Ahh marrows – if you have one you have a hundred! I have inherited my mother’s glut of courgettes and marrows because she is away on holiday (not that she would have had a hope of getting through them anyway) so I have been putting them in everything. Some I have ‘hidden’ – grated into curry sauce, thinly layered in lasagne, used to make an egg custard (no, really!). Others I have fried in butter and garlic as a delicious side dish, sometimes with added leeks or mushrooms. This one I stuffed.
Am I bored of courgettes and marrows yet? Certainly not!
There are many variations on stuffed marrow; I remember my mum stuffing them with minced beef when I was younger which was rather nice. This particular version was vegetarian, and included some good using up of leftovers as well eating into the glut of marrows.
I had cooked far too much rice to go with a curry I had made the previous day (the curry of course had grated courgette in it…), and also had a part pack of cooked lentils and kidney beans in the fridge from a previous meal. I added this to fried onion, garlic, fresh chillies and a couple of tomatoes to make the filling.
While the filling was cooking I cut a marrow in half longways (one marrow is more than enough for two people), scooped out the middle, and then put them skin-side-up on a lightly oiled baking tray. I then put them in the oven (preheated to about 180oC) for 10 to 15 minutes. When I had tasted and seasoned the filling I took the marrow out of the oven, turned them over, filled them and then covered with grated cheese. Another 20 minutes or so in the oven and they were done.
Delicious, cheap, and incredibly filling!
A sad thing about moving house at this time of year is that I didn’t get to harvest the vegetables which I had lovingly grown. Thankfully my mum came to visit last week bearing gifts from her own garden. This picture was taken about a week ago and I have just polished off the runner beans, and only have a few apples and over-sized courgettes (zucchini) left.
So how have I used this great abundance?
The courgettes I have of course stuffed – I will share this with you later in the week. I have also fried them in butter and garlic as a side-dish and ‘hidden’ them in other dishes, some sweet and some savoury.
The apples are delicious eaters and I have been munching on them, as they are as well as making rather wonderful cake with them.
The new potatoes were mostly a lovely variety called Pink Fur Apple; they are delicious just boiled and then smothered in butter and pepper, although I also had a go at roasting them.
… and of course everything has been served with runner beans (apart from the cake).
I still miss my garden.
This recipe has been sitting in my drafts since Lent last year, probably because the photograph isn’t great. However, I think that Simple September is a good time to share it with you because it introduces a cheap cut of meat, a store-cupboard grain which I love, and a ‘using up’ approach to to vegetables.
One of the joys of supermarket-free shopping is going to the butchers and trying different cuts of meat. Today I popped into a local butchers shop to see what caught my eye and was good value and came away with a pork rib chop – something which I had never cooked before. It turned out to be an amazingly tender cut of meat and I shall certainly be cooking it again.
Cooking pork gave me the opportunity to try out an infused salt which I made at the weekend – inspired by the book Gifts from the Garden by the wonderful Debora Robertson. This book was by far my favourite Christmas present and I am very much looking forward to putting it to good use when spring arrives!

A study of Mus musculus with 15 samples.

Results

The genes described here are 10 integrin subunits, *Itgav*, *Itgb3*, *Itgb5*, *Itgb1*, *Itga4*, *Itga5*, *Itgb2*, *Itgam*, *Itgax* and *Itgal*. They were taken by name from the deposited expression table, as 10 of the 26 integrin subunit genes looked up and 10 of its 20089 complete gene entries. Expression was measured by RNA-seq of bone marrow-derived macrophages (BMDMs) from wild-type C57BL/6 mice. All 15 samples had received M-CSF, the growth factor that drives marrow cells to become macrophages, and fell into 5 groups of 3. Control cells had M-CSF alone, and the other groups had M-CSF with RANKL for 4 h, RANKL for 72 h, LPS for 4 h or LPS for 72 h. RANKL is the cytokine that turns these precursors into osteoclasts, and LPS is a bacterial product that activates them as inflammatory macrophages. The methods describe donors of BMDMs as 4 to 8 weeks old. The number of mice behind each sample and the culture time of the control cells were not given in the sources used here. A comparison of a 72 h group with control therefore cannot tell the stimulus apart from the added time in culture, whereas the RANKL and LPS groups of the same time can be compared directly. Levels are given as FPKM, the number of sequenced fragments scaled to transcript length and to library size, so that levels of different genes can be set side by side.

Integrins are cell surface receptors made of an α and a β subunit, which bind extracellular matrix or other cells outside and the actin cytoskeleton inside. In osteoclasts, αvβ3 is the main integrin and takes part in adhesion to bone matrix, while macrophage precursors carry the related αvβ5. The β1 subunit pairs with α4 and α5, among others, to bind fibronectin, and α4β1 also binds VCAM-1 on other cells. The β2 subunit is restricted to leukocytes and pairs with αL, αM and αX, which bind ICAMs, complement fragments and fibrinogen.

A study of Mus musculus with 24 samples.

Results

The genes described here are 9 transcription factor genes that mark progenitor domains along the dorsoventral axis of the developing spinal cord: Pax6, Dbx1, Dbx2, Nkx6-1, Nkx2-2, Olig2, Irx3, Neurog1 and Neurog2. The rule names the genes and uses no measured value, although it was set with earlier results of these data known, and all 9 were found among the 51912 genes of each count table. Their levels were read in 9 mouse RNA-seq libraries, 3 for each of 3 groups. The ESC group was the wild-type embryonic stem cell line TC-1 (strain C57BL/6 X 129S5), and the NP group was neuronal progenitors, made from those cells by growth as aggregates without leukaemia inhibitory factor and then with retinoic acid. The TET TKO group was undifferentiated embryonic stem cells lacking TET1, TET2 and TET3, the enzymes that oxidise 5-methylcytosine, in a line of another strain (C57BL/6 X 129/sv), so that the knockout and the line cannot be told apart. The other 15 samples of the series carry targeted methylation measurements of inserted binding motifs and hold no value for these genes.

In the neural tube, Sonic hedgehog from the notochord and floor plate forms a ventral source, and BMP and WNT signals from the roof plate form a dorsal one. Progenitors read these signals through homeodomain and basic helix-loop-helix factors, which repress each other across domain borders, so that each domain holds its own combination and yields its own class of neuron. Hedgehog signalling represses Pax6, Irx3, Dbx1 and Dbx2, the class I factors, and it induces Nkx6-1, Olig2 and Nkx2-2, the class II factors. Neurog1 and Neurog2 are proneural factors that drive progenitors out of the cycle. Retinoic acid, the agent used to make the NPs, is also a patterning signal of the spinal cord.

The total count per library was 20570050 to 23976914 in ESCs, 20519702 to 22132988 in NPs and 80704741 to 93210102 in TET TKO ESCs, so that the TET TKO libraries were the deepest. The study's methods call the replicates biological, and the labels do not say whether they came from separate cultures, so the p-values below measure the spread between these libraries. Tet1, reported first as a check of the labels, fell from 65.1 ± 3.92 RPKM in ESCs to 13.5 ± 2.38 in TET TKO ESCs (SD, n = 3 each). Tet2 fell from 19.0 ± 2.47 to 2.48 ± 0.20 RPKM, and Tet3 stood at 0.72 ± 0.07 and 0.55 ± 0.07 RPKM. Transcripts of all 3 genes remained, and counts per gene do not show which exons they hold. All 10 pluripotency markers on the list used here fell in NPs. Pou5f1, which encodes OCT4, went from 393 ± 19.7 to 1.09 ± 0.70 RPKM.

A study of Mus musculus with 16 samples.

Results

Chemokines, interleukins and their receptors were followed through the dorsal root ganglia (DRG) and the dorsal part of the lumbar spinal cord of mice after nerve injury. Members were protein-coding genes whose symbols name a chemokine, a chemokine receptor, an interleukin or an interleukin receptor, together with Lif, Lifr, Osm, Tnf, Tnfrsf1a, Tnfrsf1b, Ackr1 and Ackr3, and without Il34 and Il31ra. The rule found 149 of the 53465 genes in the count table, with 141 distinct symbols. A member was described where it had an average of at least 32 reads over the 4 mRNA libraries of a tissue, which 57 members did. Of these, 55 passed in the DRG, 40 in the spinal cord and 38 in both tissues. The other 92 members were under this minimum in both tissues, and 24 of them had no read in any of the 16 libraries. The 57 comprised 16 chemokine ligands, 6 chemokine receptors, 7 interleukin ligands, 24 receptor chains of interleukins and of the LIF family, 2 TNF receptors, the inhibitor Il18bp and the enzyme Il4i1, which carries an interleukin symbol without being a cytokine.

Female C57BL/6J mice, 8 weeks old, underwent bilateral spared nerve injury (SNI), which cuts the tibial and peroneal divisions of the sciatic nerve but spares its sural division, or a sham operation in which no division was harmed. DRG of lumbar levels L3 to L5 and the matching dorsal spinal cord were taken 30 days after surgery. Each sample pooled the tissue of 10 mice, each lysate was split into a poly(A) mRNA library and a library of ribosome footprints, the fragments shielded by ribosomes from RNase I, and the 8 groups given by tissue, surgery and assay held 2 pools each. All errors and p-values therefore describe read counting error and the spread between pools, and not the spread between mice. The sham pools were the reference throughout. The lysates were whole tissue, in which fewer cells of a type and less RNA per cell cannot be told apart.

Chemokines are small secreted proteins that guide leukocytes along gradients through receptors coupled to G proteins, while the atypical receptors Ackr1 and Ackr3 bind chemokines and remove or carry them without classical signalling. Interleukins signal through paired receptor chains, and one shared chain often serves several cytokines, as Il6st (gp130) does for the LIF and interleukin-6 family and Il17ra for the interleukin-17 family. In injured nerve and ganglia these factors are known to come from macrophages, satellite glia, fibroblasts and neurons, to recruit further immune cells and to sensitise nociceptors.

The veggies were very much a ‘what have I got’ effort; what I had was a single carrot, the tail end of a bag of frozen peas and jar of artichokes in oil – a winning combination it turns out!
Why bulgur wheat? Simply because I love it and had not shared it with you previously.
It is worth saying at this point that I have been reliably informed that I ‘could do better’ with respect to my food photography; I didn’t get the feedback until after I drafted this post so apologies if the picture doesn’t give this delicious meal justice! Please do keep giving me feedback – I’m all for continuous improvement.
- a pork rib chop
- 1/2 teaspoon rosemary-infused salt
- 1/3 cup of bulgur wheat
- a pinch of saffron (not essential)
- 1/2 teaspoon of vegetable stock
- 1 carrot, sliced
- a handful of frozen peas
- four pieces of artichoke, chopped
- mixed herbs
Following a very decadent summer (getting married is a good excuse!) it is time for a ‘Simple September‘.
My husband Steve and I are having a near-complete shopping-ban this month; we are combining two very well stocked kitchens into a much smaller space, plus we have been eating and drinking rather well recently and some simpler fare won’t go amiss. The exceptions to the shopping ban will be some seasonal vegetables, onions, garlic, eggs, milk… and the occasional treat of nice cheese or meat from the reduced section of the supermarket.
As well as saving money and kitchen space, I’m hoping that Simple September will kick-start my recipe writing again after a five month hiatus (I’ve been a little distracted!).
As a reward for getting the kitchen in our new house tidy, I decided to start Simple September with a (reasonably) healthy treat; coconut and apricot flapjack. All of the flapjack I make is based around the same basic recipe which I have shared with you previously. This time, I decided to have a go at using coconut oil; I substituted it for half of the butter because I wasn’t sure how it was going to behave. I’m glad that I didn’t make the switch to coconut oil in one go because it made the mixture rather more liquid; I recovered the situation by taking it out of the oven part way through cooking and covering it with a layer of drinking chocolate followed by desiccated coconut.
A delicious mistake which I fully intend to make again!!